Seeing a man in Waco, Texas, claim to be Christ and lead his gun-toting followers into battle with police in the same month that zany Muslims bombed the World Trade Center, people were bound to discuss religious fanaticism in general. The tricky part—for people in a society that is slowly forgetting how to use private property and individual rights to demarcate the limits of permissible behavior—is figuring out what kinds of fanaticism to tolerate.
The issues of religious fringe groups and the erosion of rights came together unexpectedly in my life recently when I noticed followers of World Pastor Tony Alamo handing out pamphlets a few blocks from my apartment. The pamphlets revealed Pastor Alamo's views on God and his contention that the United Nations, the U.S. justice system (which has been harassing him), and the Third Reich are/were Vatican-run conspiracies. Alamo counts himself among the many opponents of the U.S. government's "Catholic, humanist/socialist, new world order, Catholic political goals [sic, I guess, unless the second one's for emphasis]."
But wait! This isn't just another conspiracy theorist. Mixed in with the religious content in the pamphlet are arguments that the U.S. government has overgrown its intended constitutional limits, defended with references to Thomas Jefferson, the Federalist Papers, and even 19th-century anarchist Lysander Spooner.
As a believer in limited government, I was intrigued and went to a meeting of Pastor Alamo's followers to learn more.
What I learned, of course, was that many religious meetings are among life's substitutes for group therapy, which is in turn a substitute for talking to your buddies about what a rough week it's been. Nonetheless, after various testimonials about how God had saved virtually everyone present from drugs and alcohol, I prayed with the gathering, and according to one member I am now "saved," which was surprisingly easy.
It would be tempting to pretend to have no kinship to these people now that I'm safely back home, but I think every person concerned about individual rights would do well to show his solidarity with the odd fringe-types of the world.
For instance, have you noticed how often religious kooks who end up in a cabin with a hunting rifle and a lot of canned goods, shouting threats at state troopers, are being hounded for reasons that many defenders of limited government would consider unjust? They're often trying to escape tax collection, gun registration, anti-bigamy laws, and the like.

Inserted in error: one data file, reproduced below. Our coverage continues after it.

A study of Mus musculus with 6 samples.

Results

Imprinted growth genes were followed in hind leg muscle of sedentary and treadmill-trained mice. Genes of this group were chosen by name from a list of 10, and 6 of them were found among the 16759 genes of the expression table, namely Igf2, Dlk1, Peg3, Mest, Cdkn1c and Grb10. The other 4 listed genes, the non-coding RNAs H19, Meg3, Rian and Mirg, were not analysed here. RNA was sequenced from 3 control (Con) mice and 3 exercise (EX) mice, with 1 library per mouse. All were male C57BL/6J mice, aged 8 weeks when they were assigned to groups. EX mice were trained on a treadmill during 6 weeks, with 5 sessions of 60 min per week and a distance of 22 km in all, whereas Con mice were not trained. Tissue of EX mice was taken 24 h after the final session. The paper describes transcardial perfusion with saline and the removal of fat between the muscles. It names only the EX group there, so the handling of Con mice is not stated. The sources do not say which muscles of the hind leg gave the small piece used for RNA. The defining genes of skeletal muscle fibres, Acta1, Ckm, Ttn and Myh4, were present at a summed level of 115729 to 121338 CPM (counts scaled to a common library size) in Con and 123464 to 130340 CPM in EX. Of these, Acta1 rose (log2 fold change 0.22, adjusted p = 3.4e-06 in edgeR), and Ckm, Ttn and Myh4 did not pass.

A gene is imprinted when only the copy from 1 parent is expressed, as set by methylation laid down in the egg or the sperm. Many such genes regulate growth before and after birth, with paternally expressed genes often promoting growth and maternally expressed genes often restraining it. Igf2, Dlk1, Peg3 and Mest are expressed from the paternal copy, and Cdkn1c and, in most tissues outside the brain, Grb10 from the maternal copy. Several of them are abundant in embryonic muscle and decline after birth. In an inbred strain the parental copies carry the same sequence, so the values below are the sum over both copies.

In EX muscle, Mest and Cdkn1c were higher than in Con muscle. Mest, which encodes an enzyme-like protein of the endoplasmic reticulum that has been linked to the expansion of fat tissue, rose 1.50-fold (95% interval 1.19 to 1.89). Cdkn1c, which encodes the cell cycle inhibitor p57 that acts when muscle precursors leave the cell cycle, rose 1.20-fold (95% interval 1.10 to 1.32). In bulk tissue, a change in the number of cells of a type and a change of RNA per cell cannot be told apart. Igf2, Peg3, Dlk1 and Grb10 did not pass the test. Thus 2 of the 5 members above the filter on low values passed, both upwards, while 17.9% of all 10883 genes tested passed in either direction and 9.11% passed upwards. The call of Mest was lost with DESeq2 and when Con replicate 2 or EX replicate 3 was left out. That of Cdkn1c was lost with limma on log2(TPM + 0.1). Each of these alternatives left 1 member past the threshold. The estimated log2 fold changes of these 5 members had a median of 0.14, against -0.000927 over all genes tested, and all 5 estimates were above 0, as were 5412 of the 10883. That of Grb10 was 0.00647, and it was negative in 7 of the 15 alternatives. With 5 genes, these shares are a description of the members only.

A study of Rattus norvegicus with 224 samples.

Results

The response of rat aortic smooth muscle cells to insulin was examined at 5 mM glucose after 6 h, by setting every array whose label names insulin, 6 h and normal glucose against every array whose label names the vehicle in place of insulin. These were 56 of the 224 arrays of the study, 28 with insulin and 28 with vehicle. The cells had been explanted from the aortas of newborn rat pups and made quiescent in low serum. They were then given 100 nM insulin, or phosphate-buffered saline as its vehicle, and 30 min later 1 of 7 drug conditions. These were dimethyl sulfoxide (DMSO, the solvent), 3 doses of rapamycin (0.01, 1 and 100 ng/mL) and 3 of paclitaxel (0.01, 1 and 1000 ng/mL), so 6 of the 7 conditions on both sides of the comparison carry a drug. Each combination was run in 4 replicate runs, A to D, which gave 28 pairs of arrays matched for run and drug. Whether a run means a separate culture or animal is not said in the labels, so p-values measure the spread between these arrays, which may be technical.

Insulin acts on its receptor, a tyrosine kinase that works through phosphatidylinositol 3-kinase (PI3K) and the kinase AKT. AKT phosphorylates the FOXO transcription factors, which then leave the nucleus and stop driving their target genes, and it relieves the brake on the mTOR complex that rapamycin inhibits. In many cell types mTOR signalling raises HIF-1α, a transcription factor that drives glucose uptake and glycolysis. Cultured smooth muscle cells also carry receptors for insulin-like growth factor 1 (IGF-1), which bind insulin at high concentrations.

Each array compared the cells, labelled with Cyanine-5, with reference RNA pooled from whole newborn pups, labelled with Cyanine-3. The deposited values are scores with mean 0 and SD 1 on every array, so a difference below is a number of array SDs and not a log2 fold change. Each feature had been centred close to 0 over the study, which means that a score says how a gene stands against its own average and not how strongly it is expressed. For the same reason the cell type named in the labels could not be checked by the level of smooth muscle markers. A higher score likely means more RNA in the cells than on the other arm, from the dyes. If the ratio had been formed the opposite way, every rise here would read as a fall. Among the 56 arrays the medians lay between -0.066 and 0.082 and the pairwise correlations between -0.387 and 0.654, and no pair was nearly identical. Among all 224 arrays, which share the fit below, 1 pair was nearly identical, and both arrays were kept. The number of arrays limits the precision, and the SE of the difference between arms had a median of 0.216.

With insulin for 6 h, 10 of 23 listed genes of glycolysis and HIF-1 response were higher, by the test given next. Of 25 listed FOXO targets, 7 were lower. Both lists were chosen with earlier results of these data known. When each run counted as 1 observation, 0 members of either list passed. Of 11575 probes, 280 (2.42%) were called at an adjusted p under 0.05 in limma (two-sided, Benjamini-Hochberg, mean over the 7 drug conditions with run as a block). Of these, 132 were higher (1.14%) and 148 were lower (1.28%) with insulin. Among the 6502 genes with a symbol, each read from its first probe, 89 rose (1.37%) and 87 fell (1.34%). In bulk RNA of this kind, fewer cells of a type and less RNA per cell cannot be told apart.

When these sorts—not so different from the Waco guy—are lumped together with bombers, it blurs the distinction between wackos who initiate violence and wackos who are just peacefully wacky.
The importance of the distinction is easily overlooked if society doesn't see individual rights as crucial dividing lines anyway. A recent broadcast of ABC's Nightline provided a good example of the difficulties that arise when people attempt to come up with social-conflict resolutions without a context of strict individual rights.
Host Ted Koppel suggested incidents like those at Waco and the Trade Center may be the result of the fear police feel of stepping on the First and Second Amendments. His introduction to the night's debate referred to the two freedoms coming into conflict with each other, but everything else he said implied they're both hindrances to law enforcement, with the Second being particularly outdated.
Dr. Chris Hatcher of the University of California at San Francisco noted that human sacrifice is forbidden even as an expression of religious freedom and concluded that we have always recognized that "social need" can outweigh constitutional freedoms. It might have been simpler to conclude that the illegality of human sacrifice shows one person's rights don't permit him to violate another's. Using "social need" as a criterion introduces vagueness into the law, inviting battles over what constitutes a social need and who is to judge.
Scott Appelby of the AAAS Fundamentalism Project rightly noted that peaceful competition between sects in a stable civil society is healthy, but that there is danger when a group uses either state power or random violence to impose its blueprint on society.
It should be no surprise that people in today's philosophical climate are totally at sea when faced with a social problem like religious fanaticism. When clear, simple, individual rights-based rules are no longer used to decide conflicts, Americans are all put in the position of collectively crafting a (messy) blueprint for society. Will we try to keep out fanatical immigrants? Let them in but regulate their speech? Prevent groups like the Branch Davidians from owning guns? How about Pastor Alamo and company—not to mention me?
Todd Seavey is a writer in New York City.